Simon Pagenaud still ticked at Will Power, wants rules clarity for Sunday’s race in Alabama


Pagenaud was heading to what could have potentially been a win until Will Power made contact with him, breaking the front wing on Pagenaud’s car and requiring an unscheduled pit stop to install a new one.

Pagenaud attributed the contact with Power, as well as some of the other incidents during the race, to race officials not better explaining what drivers could and couldn’t do on the track prior to the green flag.

Series officials, including IndyCar race director Beaux Barfield and a new three-man panel of race stewards, have given drivers more flexibility this season in policing themselves on-track.

But in light of several incidents at Long Beach, Pagenaud hopes officials will be more clear in explaining the rules during Sunday’s driver’s meeting before the race begins.

“If [Barber] is similar to Long Beach in terms of rules, it’s going to get pretty crazy pretty quick,” Pagenaud told several media outlets. “We are racers. We all want to win. We all try to get into a gap that’s sometimes too small.

“There needs to be some regulation sometimes that tells us what we can or cannot do. Right now, to be very honest with you, I don’t know what’s allowed or what is not allowed. It’s still a very grey area. I’m hopeful that it will be fixed for Barber and we will have a much better understanding.”

To his credit, Power attempted to apologize after the race, but Pagenaud rebuffed Power’s efforts. Pagenaud still hasn’t accepted Power’s mea culpa, and instead will likely hold a grudge for the remainder of the season as a result.

“I’m still disappointed in his actions, although I understand racing can be tough sometimes,” Pagenaud said of Power. “I may make the same mistake someday, may not be proud of myself. But it’s a shame. It really ruined my race.

“I guess he set the tone for the rest of the season. We’re going to be racing hard against each other. I’m pleased actually that we’re that high up in the championship to be chasing him. That’s what I’m going to do. I’m going to try to be racing hard. I’ll try to be as clean as I can be.”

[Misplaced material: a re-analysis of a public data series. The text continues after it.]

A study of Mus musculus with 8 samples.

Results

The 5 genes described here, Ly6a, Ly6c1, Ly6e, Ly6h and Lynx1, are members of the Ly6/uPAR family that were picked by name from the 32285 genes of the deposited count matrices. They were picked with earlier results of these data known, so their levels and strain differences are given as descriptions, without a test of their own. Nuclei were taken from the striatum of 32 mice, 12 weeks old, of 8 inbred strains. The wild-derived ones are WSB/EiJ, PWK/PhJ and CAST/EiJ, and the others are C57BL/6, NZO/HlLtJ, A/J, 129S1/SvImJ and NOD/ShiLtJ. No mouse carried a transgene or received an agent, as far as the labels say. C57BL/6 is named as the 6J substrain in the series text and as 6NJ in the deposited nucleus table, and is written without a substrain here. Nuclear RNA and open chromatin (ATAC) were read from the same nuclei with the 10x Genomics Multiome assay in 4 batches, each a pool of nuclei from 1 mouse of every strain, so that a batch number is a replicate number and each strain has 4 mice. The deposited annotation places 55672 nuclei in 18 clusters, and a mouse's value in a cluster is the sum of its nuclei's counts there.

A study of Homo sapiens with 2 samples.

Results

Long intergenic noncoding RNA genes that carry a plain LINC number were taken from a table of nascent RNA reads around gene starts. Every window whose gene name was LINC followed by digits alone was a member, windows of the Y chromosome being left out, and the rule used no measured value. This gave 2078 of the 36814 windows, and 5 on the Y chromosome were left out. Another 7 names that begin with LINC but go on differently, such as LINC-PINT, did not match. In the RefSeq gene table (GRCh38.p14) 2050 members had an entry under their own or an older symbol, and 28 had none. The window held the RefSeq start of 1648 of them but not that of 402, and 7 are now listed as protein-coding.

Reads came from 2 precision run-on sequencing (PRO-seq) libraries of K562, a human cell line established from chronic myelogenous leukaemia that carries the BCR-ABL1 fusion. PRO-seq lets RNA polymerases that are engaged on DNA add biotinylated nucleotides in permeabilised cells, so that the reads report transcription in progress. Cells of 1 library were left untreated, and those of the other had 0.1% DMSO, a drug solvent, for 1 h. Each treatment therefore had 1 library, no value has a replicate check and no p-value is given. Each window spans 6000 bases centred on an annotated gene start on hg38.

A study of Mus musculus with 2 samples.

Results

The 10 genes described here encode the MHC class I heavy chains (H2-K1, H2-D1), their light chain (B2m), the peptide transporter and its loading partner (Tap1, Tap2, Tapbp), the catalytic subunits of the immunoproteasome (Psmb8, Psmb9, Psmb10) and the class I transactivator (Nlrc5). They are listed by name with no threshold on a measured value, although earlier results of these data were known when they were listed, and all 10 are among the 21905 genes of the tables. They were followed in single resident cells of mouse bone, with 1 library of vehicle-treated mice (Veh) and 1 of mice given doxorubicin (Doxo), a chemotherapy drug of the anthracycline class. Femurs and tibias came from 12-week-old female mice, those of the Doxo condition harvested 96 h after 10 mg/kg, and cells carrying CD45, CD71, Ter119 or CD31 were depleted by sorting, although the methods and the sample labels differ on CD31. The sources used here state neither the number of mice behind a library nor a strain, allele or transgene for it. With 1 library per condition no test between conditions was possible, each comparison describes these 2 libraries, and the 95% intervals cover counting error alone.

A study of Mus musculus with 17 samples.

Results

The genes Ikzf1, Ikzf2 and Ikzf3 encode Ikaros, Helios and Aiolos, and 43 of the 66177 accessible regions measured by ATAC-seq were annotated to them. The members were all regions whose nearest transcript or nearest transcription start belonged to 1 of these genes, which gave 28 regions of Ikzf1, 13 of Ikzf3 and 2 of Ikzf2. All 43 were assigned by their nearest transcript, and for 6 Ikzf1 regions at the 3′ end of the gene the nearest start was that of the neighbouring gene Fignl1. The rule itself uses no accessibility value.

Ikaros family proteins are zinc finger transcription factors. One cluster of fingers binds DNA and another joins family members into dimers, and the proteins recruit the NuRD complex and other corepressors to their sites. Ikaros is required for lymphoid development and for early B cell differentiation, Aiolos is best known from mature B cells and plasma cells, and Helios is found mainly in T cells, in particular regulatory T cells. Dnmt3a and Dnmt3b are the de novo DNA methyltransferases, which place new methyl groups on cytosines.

Sergio Perez Singapore

Perez’s second win of the season saw him finish 7.6 seconds ahead of Ferrari’s Charles Leclerc, with Leclerc’s teammate Carlos Sainz Jr. in third place.

Perez was investigated for a potential safety car infringement but still kept the win after a 5-second time penalty for dropping too far back after being warned.

Verstappen had won the past five races but needed to win here and finish 22 points ahead of Leclerc to be crowned champion for a second straight season. That could happen next weekend at the Japanese GP.

Verstappen made a mistake after the second safety car restart, following AlphaTauri driver Yuki Tsunoda’s crash on Lap 36. When Verstappen tried to overtake Lando Norris’ McLaren, he locked his tires and needed to pit again.

Leclerc started from pole position with Verstappen going from eighth after a team blunder in qualifying.

The race start was delayed by more than an hour to clear water off the Marina Bay Circuit track following heavy rainfall. Drivers had to finish the 61-lap race within a two-hour window; 59 laps were completed.

Tricky conditions saw the virtual safety car deployed three times and DRS was allowed with about 30 minutes remaining.

Perez made a good start and jumped past Leclerc while Verstappen dropped several places. The first safety car was on Lap 8 when Zhou Guanyu’s Alfa Romeo was cut off by Nicholas Latifi’s Williams.

Perez got away cleanly at the restart, while Verstappen climbed into seventh behind Fernando Alonso – whose 350th F1 race ended disappointingly when his engine failed on Lap 21, bringing out the first VSC.

With the track still damp, drivers decided against changing to quicker tires – apart from Mercedes’ George Russell, who struggled for grip.

Hamilton made a rare mistake on Lap 33 and thudded into the crash barrier. Soon after, the leading drivers changed tires in a flurry of stops. They did so just before the safety car was deployed again following Tsunoda’s error.

Verstappen overtook Sebastian Vettel’s Aston Martin right at the end for seventh place.